Doing More with Less to Benefit Patients, Payers, and Staff


Torben Danger from BCG discusses the industrialization of healthcare.

Inefficiencies in healthcare systems call for increasing use of industrialization concepts. In the video, Torben Danger from BCG discusses the industrialization of healthcare. Additionally, a white paper illustrates how providers, patients, payers, and staff can benefit.

Download the white paper here .

  • Why do we need to talk about the industrialization of healthcare?
    Missed prevention opportunities, unnecessary services, excess administrative costs, and ineffectively delivered care, among others, are causing up to 765 billion excess healthcare costs annually in the US alone.[1] Comparisons with other high-tech and service industries show that many of them have already succeeded in increasing productivity by adopting industrial approaches such as supply-chain-thinking, holistic workflow management, and consistent automation. Not taking advantage of these opportunities would be economically unwise and socially irresponsible. While efficient management of resources is ethically imperative in industrialized countries – for reasons of sustainability and to relieve the financial burden on healthcare systems – it is even more important in emerging economies and developing countries, where many people have no or inadequate access to health services.
  • How are healthcare providers using industrial approaches?
    To solve this challenge, the healthcare sector increasingly employs modern production methods. Although patients are obviously not cars, and doctors and nurses are not production resources, similarities between industrial production and treatment processes do exist and can be used to identify opportunities for optimization.

    a. The concept of lean: Hospitals learning from other industries
    The core philosophy of lean is to continually improve a process by removing steps that do not add value and are therefore waste. Lean has been on the rise in the healthcare sector worldwide since the early 2000s. Examples include The Royal Bolton NHS Foundation Trust (UK), Quebec’s provincial health system (Canada), or the Virginia Mason Medical Center in Seattle (US).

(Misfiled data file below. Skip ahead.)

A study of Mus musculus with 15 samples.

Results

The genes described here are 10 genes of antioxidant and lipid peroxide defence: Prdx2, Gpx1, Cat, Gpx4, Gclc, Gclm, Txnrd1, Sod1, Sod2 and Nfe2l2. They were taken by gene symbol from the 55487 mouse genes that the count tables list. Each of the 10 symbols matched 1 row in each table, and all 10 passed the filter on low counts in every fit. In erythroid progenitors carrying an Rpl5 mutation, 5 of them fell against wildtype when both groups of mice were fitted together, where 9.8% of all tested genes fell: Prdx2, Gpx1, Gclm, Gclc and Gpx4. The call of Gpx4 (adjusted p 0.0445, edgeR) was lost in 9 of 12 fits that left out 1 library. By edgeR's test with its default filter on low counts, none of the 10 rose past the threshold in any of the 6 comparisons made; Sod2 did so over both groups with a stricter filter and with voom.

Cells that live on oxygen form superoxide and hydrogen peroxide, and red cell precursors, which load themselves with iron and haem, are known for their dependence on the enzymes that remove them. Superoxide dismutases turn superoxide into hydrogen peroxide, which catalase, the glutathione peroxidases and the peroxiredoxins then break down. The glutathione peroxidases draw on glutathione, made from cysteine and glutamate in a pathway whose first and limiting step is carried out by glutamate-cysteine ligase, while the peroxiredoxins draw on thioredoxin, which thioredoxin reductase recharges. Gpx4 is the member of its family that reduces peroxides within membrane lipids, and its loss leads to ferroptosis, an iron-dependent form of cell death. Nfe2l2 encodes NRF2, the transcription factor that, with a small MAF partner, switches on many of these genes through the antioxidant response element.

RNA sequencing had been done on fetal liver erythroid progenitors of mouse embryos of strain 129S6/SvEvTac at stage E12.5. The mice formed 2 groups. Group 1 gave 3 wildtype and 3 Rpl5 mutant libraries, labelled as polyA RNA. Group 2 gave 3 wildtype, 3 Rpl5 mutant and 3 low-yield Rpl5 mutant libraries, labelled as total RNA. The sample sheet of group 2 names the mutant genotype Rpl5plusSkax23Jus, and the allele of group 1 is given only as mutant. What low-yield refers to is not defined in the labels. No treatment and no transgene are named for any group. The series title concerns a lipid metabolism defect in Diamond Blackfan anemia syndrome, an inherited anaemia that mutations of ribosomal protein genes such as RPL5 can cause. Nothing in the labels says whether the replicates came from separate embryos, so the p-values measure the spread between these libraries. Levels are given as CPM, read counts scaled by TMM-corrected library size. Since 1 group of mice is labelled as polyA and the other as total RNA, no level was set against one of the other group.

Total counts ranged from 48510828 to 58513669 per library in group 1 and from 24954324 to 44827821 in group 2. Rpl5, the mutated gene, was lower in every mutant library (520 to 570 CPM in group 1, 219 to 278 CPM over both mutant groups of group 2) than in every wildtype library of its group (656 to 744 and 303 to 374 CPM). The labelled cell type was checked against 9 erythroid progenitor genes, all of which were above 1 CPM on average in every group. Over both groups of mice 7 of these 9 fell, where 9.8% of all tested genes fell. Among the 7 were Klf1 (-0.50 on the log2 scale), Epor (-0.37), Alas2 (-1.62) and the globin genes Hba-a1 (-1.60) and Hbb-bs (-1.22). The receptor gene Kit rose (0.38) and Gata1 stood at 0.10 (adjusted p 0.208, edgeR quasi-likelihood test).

b. Standardization of care: Clinical pathways on the rise
     Successful industrial production would be inconceivable without standards. Standards facilitate collaboration with upstream and downstream stages, guarantee consistent quality, and simplify decision-making. This is why many protagonists in the healthcare sector advocate standardizing care. Clinical pathways (also known as care or critical pathways) are seen as a promising solution. They enable health systems and other healthcare organizations to make evidence-based decisions about where to focus improvement efforts.[2]

    c. Automation: Efficiency gains through IT
    In almost all industries, measures to improve processes now involve the use of modern IT. The healthcare sector still has a lot of catching up to do here. Great expectations are placed on the introduction and systematic development of electronic medical records (EMRs). Although the framework conditions for switching to EMRs vary worldwide, case studies from different countries show that systematic implementation can provide a significant return on investment.Much like using equipment in a modern production facility, making optimal use of operating rooms and the plethora of sophisticated medical equipment in a modern hospital is a complex management task. This is where digital fleet management portals can help. By closely monitoring medical equipment, they help identify workflow problems, facilitate maintenance, and plan investments, and can thus reduce the inefficient underutilization of expensive equipment.